Two leading IT think tanks estimate that 5.6 million hard drives will fail in 2007, and chances are fair to good that one or more of them might well be yours. So a new company has decided to step in and help out.
Data Recovery Whos Who on March 28 launched the Internets first one-stop directory of data recovery services and software, Data Recovery - Whos Who.
The new site is a free resource designed to "quickly and easily assist users in locating the tools, services and support necessary to not only recover lost files, but to ensure and maintain the integrity and health of files stored to virtually any media format including hard disk drives, flash memory, CDs, DVDs, RAID, and other digital storage devices," a company spokesperson said.
The site consists of four major sections:
- Recovery Tips: important tips from leaders in the data recovery field, including Seagate, Drivesavers, and OnTrack.com.
- Buzzwords: Common terms you have heard but may not understand, such as "disk partition," "head crash," "hard disk failure," "logical damage," and "physical damage."
- Service companies: A comparison chart of the major U.S. data recovery service providers, including media supported (HDDs, flash, RAID), on-site support, online recovery, forensics, media conversion, corporate accounts, government-level support, local partner program, and do-it-yourself software.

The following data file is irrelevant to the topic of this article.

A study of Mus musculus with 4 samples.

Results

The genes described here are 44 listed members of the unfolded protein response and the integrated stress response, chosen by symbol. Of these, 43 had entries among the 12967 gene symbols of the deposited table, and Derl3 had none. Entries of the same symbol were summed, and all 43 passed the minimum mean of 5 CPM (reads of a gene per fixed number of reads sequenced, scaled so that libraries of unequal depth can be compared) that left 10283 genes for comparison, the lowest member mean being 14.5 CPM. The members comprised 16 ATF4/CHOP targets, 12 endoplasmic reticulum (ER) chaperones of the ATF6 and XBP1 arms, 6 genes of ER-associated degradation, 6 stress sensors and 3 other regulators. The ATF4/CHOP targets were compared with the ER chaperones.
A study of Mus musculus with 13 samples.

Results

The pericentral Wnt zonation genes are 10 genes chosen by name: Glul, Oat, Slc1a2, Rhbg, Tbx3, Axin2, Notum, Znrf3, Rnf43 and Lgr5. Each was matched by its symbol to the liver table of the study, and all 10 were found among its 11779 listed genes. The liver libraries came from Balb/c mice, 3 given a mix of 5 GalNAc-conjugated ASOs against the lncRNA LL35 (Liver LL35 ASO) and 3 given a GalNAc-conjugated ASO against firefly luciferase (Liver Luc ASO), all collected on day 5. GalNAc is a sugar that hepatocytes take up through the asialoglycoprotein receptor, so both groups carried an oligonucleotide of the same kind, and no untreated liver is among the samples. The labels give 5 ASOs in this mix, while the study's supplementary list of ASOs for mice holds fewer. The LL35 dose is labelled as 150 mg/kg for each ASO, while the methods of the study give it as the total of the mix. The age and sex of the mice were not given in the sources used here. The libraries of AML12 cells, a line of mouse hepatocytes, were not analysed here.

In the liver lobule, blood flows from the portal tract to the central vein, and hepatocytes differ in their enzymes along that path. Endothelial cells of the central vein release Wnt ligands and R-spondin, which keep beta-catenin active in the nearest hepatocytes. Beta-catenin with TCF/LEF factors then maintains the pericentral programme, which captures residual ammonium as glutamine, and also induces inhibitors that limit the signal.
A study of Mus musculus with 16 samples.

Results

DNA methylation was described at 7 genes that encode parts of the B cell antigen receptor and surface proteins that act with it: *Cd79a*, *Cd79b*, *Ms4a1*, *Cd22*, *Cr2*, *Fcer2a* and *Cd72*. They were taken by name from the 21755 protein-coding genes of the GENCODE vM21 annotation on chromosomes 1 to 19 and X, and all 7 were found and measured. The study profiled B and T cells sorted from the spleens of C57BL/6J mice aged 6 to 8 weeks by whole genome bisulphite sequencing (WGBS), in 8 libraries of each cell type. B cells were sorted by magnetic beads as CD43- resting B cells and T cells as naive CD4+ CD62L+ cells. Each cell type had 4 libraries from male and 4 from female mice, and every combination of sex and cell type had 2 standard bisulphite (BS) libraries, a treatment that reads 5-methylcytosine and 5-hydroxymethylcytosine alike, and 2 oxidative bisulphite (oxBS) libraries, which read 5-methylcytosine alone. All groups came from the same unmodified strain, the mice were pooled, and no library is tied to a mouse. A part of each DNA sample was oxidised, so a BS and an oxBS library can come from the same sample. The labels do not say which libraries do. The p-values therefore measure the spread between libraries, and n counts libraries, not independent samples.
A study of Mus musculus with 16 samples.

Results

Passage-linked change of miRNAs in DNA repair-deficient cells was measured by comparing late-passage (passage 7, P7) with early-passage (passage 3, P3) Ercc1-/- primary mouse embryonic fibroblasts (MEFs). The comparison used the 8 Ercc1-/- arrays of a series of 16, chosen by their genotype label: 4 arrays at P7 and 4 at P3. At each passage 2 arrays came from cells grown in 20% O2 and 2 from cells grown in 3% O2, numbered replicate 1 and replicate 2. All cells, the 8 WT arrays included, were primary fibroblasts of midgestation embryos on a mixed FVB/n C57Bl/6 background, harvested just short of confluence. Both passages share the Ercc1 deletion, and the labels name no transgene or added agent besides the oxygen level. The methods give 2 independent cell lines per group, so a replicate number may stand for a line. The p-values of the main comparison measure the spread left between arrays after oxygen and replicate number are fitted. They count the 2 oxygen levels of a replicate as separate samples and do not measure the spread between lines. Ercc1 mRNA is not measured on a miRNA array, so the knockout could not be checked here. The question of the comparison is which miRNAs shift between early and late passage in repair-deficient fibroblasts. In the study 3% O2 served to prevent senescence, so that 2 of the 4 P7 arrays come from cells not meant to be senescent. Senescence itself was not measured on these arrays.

- Software: The majority of data recovery efforts can be performed immediately on-site. There are a number of software solutions available; this section features a comparison chart.
According to data from recent Carnegie Mellon University and IDC studies, an estimated 5.6 million drives are projected to fail in 2007, said Emily Vinik, vice president of marketing for Data Recovery-Whos Who, based in San Jose, Calif.
"Theres no shortage of companies offering data recovery services and/or software, however the real problem is: How do users quickly identify which one offers the services that best fit their needs?" Vinik said. "DataRecoveryWhosWho.com is a free resource designed to meet the requirements of technology novices and experts alike."
The directory includes information that can help users identify which organizations provide on-site support, online recovery or maintain a staff of technicians who already have the security clearance necessary to work on government sites, Vinik said.
The site also includes a directory of do-it-yourself data restoration software with in-depth explanations of what the software can do and what it costs, as well as a direct link to the publishers Web site and product page.